In Focus: The Making of the Coronet Loop Trail


With work on the Coronet Loop circuit expected to be complete this coming summer, we thought it would be good to share some updates on the project as excitement builds for the official opening.

This track is the culmination of over five years of hard work for the Queenstown Trails Trust in collaboration Soho Properties, QEII, Walking Access Commission and will provide one of the most spectacular overnight backcountry MTB rides in New Zealand. A total distance of (56km) will see riders depart Arrowtown and begin with a climb up the recently upgraded Bush Creek Track.

The Trust has funded the development of eight new bridges to keep feet and drive chains dry, as well as several trail realignments to ensure an easier climb and better flow for dual use. We were extremely fortunate to have the very generous support of Helibike NZ and Heliworks who provided the heli-time to fly in the bridge materials to exactly the right place for Elevate Trail Building to work their magic – nice work team!




At the head of Bush Creek, the trail continues along the Coronet Face Water Race, which was the first part of the loop to be developed and was opened by the Queenstown Trails Trust and Soho Properties a couple of years ago. A descent line to Alan Reid’s Road provides a shortcut back down to the soon-to-be constructed Queenstown Trail between Arrowtown and Arthurs Point. Currently just a rough-cut digger track, we have future plans to upgrade this trail into a grade 4 descent, which will also provide a link to the Coronet Forest Recreational Reserve when logging is completed.

The Water Race Track weaves along the front face of Coronet Peak through remnant Beech Forest, passing old sections of flume pipe and the site of the old Racemans Hut at Station Creek. The Race was developed in the goldrush era, with water taken from McMullen and Station Creeks being channeled all the way across the front face of Mt Dewar to sluice the Shotover faces at Arthurs Point. The Trust is working with Origin Consultants on a restoration plan for the Racemans hut chimney to ensure it stands the test of time and is there for generations to come.


Just before the 2-way climb to Skippers Saddle, the now famous Hot Rod Trail is an excellent excursion and must-do side trip for any keen mountain biker. Hot Rod was negotiated by the Queenstown Trails Trust and landowner 2 years ago, with construction half funded by QTT, half by QMTBC (via philanthropist Rod Drury) in a spectacularly successful collaboration. We are currently working on plans to develop a new downhill link directly into Hot Rod from Rude Rock, which will avoid the 2-way connector trail – with another team effort between QTT and QMTBC, we hope to bring this trail extension to you soon.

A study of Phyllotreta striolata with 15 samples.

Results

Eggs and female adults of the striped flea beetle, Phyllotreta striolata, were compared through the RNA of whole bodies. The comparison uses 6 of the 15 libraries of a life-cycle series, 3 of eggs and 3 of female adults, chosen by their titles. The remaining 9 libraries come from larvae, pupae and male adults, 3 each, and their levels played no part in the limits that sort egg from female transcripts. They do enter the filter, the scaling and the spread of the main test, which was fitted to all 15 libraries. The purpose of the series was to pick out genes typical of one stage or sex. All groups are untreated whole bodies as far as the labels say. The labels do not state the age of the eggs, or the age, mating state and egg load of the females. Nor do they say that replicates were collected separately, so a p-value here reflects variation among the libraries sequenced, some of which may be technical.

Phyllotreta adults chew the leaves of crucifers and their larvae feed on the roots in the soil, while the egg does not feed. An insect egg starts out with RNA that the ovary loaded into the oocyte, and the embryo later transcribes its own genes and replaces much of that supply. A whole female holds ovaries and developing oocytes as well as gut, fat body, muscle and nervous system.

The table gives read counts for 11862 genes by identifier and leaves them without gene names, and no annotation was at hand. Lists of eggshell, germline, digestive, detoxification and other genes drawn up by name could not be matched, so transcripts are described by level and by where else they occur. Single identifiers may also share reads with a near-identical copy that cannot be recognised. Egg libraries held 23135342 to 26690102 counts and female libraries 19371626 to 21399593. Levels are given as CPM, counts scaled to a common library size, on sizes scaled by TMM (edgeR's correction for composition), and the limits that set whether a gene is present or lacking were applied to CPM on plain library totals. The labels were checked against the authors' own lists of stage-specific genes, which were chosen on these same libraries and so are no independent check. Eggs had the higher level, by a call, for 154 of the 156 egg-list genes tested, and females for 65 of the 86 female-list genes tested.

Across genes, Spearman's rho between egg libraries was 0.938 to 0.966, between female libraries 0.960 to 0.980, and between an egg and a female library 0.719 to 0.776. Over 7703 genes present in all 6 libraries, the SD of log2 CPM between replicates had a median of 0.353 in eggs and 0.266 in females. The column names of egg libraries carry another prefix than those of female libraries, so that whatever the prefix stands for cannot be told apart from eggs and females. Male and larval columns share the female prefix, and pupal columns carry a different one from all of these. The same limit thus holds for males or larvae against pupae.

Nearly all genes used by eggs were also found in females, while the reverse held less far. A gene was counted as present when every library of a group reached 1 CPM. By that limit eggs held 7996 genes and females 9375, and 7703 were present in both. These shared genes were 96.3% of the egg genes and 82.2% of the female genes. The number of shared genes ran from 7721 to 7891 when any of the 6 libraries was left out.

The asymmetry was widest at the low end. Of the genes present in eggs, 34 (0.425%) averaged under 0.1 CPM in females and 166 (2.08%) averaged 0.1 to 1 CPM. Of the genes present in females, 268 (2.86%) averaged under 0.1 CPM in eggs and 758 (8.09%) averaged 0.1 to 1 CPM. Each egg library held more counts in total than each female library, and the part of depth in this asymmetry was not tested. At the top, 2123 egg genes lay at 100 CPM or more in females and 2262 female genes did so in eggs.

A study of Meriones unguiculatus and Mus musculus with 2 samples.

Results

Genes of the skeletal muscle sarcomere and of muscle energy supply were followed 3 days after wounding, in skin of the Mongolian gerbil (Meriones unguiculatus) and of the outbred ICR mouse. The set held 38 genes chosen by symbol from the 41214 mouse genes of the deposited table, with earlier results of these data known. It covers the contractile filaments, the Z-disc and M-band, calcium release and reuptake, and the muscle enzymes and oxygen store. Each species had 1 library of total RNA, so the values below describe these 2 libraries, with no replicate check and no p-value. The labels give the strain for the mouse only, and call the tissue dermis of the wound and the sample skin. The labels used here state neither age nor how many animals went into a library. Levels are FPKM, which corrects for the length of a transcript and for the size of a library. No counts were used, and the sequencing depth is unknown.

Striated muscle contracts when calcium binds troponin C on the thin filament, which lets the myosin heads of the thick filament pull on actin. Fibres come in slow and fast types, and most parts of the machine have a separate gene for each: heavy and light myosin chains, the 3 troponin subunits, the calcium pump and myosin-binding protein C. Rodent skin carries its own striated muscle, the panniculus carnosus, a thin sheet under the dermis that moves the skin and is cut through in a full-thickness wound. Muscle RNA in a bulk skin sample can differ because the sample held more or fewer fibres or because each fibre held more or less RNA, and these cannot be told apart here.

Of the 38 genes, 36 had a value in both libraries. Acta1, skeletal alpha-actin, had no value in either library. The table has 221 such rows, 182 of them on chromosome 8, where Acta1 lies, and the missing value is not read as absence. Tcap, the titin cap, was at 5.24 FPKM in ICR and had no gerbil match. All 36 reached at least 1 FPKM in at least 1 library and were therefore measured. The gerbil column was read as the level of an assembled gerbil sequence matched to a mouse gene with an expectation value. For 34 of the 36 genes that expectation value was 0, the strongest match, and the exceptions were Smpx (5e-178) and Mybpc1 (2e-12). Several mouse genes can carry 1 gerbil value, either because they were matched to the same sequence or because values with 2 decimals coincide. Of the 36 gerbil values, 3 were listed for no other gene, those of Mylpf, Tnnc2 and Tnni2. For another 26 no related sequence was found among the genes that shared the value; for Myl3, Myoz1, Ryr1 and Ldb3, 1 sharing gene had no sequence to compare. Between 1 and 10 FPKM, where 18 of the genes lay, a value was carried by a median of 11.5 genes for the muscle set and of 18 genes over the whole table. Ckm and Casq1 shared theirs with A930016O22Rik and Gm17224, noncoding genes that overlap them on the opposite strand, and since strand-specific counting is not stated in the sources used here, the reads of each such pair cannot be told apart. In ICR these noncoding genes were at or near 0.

From the bottom of Hot Rod, a return to the Water Race is available on the Dan O’Connell Track, before climbing up and over into Skippers on the excellent ‘Tradesmans’ and ‘Pack, Track and Sack’. These trails got an awesome makeover last year from the QMTBC and were riding better than ever – certainly the descent into Long Gully is a real highlight of the circuit.

At Baldersons Hut, a right-hand turn leads up and old farm track to Greengates saddle. This track will get re-worked once the loop is complete to make the climb more enjoyable; but it’s worth it – from the saddle a flowing downhill follows the historic pack track, past the restored historic Greengates Hut before it opens out high above Deep Creek overlooking the remains of the Old Greengates Hotel.

Before the Pinchers Bluff section was solved and the Skippers Road was completed, this was the original miner’s route to reach Skippers township, with the Greengates Hotel being the last stop before crossing Deep Creek and heading over the saddle to Stapletons Terrace. Legend has it that the Greengates Hotel spent its final years being run as a piggery, serving bacon sandwiches to weary miners heading in to make their fortune!

The Coronet Loop Track continues upstream, over Picnic Rock with its amazing vistas before a long steady descent into Deep Creek, passing a couple of spectacular waterfalls on the way to the Golden Terraces visible in the distance. 


The track sidles in and out of the Creek and up the ‘Willows Climb’ before crossing Parkers Creek and emerging onto the high plateau of Golden Terraces. This section gives a  stunning backcountry experience out here, linking sections of old pack track between the bluffs and interpreting the old mining ruins and water races as it passes.





If you enjoy our trails and would like to help us build more, please show your support by becoming a Friend of the Queenstown Trails Trust today. All donations go back into making Queenstown's trails even greater.